The Woman in the Window is a tense nailbiter of a read. Anna is agoraphobic and hasn't been out of her house in months - she spends her time drinking merlot, self medicating, and watching classic noir films. It's a solitary existence, broken up by occasional bouts of online chess, sessions with her support group, and therapist visits. She's also a child psychologist, and interspersed with episodes of delirium she shows signs of still being sharp and perceptive, even serving as a moderator for the support group. Anna also has a habit of watching her neighbors through her windows, with her zoom camera, and she's amassed a trove of information about her neighbors, even witnessing the occasional affair.
Everything changes though when the Russells move in across the way. She hears a scream one night, and shortly after sees something she shouldn't have, and has to find a way to make people believe her when she's not the most reliable of witnesses. Complicating the situation is the fact that she feels a connection with Ethan, the son, and wants to protect him from a situation she doesn't understand. Anna doesn't help herself though, continuing to mix her medications with alcohol, and throughout the story I was unsure what was real and what wasn't. Anna seems to have amassed solid evidence of a crime, only to have the police and others find holes in the case she hadn't considered. The question becomes- did Anna see what she saw, or did she imagine it?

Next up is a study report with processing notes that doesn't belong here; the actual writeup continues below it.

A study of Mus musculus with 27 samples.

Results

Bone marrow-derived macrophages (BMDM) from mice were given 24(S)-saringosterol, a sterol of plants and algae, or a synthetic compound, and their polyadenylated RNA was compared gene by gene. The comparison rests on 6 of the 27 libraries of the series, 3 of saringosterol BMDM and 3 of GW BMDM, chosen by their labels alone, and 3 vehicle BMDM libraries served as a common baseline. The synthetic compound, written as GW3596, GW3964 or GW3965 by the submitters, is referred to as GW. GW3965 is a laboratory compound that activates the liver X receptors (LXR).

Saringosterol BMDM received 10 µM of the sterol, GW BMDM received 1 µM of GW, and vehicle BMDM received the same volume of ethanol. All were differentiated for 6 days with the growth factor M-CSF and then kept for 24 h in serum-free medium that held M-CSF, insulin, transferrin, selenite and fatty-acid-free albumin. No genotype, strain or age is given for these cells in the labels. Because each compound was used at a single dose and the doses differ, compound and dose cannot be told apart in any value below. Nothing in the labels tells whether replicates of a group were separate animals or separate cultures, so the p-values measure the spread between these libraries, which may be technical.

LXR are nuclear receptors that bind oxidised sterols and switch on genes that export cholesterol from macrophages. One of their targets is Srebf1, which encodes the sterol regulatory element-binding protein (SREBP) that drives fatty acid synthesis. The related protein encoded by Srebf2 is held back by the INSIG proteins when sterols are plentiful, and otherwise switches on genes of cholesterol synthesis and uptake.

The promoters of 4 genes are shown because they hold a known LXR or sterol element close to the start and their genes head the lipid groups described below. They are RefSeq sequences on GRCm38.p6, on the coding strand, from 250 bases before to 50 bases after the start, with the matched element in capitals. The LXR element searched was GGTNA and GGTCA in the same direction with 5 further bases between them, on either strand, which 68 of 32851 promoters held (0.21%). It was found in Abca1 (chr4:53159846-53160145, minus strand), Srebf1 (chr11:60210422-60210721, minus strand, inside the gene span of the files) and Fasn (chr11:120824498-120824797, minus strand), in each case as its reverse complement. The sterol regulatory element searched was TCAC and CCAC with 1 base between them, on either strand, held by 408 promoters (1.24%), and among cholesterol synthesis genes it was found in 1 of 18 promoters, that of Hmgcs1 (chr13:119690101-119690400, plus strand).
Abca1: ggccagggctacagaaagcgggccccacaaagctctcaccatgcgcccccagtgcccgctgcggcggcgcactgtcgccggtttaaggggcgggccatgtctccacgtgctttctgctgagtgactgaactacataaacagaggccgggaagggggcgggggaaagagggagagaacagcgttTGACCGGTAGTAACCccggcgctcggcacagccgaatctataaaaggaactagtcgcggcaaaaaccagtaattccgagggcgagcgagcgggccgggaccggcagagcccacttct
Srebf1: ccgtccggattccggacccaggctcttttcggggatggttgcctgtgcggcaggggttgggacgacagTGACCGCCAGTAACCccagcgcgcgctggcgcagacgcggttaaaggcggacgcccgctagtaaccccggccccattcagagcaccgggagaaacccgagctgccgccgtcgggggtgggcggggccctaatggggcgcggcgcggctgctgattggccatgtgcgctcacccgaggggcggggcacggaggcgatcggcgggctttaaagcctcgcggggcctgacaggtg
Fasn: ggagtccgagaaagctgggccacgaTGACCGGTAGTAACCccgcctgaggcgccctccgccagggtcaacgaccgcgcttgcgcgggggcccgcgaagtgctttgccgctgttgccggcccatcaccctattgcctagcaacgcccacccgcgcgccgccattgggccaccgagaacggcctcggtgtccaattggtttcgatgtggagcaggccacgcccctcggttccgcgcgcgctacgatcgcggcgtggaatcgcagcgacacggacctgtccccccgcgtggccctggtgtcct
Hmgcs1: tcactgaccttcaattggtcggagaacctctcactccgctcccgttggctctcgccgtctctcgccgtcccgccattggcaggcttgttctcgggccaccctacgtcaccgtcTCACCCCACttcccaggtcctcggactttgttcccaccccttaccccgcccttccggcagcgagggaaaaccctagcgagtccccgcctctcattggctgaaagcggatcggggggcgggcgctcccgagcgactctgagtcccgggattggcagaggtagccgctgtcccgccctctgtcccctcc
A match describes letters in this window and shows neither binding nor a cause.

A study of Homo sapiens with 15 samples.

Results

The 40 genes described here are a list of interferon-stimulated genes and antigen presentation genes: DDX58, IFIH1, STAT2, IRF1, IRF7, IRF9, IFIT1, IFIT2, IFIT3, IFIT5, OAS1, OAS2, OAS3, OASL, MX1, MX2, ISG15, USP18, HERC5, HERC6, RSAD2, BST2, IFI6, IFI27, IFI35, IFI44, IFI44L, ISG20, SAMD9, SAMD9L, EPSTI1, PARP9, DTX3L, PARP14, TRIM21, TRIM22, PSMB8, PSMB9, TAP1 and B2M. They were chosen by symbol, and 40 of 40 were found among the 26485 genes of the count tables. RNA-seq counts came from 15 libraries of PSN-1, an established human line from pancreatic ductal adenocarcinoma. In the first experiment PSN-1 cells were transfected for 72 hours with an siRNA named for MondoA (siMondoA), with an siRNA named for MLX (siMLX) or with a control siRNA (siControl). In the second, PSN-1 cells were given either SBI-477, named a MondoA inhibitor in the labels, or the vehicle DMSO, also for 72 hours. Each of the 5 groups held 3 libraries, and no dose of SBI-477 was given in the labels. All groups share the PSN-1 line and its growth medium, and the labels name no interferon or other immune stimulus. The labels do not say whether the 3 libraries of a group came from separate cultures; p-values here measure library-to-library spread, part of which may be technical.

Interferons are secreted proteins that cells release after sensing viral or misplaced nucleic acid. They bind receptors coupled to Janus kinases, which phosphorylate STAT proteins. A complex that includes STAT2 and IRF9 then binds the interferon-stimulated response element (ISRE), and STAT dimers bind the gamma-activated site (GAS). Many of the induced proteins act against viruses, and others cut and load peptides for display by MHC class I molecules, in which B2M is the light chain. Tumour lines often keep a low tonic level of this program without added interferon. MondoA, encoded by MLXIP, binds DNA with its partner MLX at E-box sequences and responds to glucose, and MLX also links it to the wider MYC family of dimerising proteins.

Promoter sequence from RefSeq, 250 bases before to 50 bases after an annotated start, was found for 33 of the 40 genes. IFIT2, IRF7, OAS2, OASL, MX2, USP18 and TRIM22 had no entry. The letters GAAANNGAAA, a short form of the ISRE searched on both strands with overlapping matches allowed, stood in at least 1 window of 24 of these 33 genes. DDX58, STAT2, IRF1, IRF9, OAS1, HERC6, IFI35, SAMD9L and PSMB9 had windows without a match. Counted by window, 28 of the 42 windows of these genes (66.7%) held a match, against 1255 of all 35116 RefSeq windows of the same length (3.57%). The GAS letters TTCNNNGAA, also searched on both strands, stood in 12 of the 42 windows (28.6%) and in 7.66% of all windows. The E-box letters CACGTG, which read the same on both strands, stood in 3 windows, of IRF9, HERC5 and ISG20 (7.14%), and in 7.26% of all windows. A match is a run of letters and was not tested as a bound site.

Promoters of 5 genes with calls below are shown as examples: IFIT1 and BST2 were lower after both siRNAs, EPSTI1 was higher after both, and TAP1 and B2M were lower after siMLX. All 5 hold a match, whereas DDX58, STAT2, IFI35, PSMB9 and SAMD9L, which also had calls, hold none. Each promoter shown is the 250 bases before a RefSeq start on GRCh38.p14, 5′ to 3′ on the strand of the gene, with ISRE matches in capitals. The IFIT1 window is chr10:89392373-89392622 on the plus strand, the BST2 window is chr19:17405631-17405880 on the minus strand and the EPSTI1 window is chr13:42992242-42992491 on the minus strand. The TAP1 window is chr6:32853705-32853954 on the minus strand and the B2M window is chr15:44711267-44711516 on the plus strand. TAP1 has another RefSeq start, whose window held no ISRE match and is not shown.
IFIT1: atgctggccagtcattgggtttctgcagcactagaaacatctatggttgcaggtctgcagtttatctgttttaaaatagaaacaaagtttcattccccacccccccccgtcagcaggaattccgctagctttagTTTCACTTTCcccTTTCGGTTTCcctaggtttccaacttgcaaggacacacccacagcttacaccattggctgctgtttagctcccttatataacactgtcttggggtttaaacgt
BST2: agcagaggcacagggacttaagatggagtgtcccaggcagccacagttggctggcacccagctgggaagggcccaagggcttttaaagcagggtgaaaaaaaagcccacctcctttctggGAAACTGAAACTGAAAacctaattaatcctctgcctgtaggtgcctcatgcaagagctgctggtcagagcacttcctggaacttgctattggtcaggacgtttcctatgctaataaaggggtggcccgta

This was a page turner for me, and Anna's life was fascinating. The book has a noir feel, no doubt accentuated by the classic film references and the dimly lit townhouse she lives in (she likes to keep it dark). At times I wondered about Anna's reliability, and other times I was with her. I thought the ambiguity and question marks about her story were deftly handled, I had to change my mind about what happened a few times, and there is a plot twist that I did not see coming. All in all this was a solid debut, and has already been optioned for film.
It's a suspenseful read as well, although more of a slow burn than a barn burner. Still I was never bored- many of the chapters are short and punchy, and I was captured by Anna's situation and the obvious signs of something traumatic having happened in her past. There's lots of clues and a few red herrings and it wasn't long before I was hooked. If you want a good thriller to read with a glass of wine and the lights turned low, this is a good choice.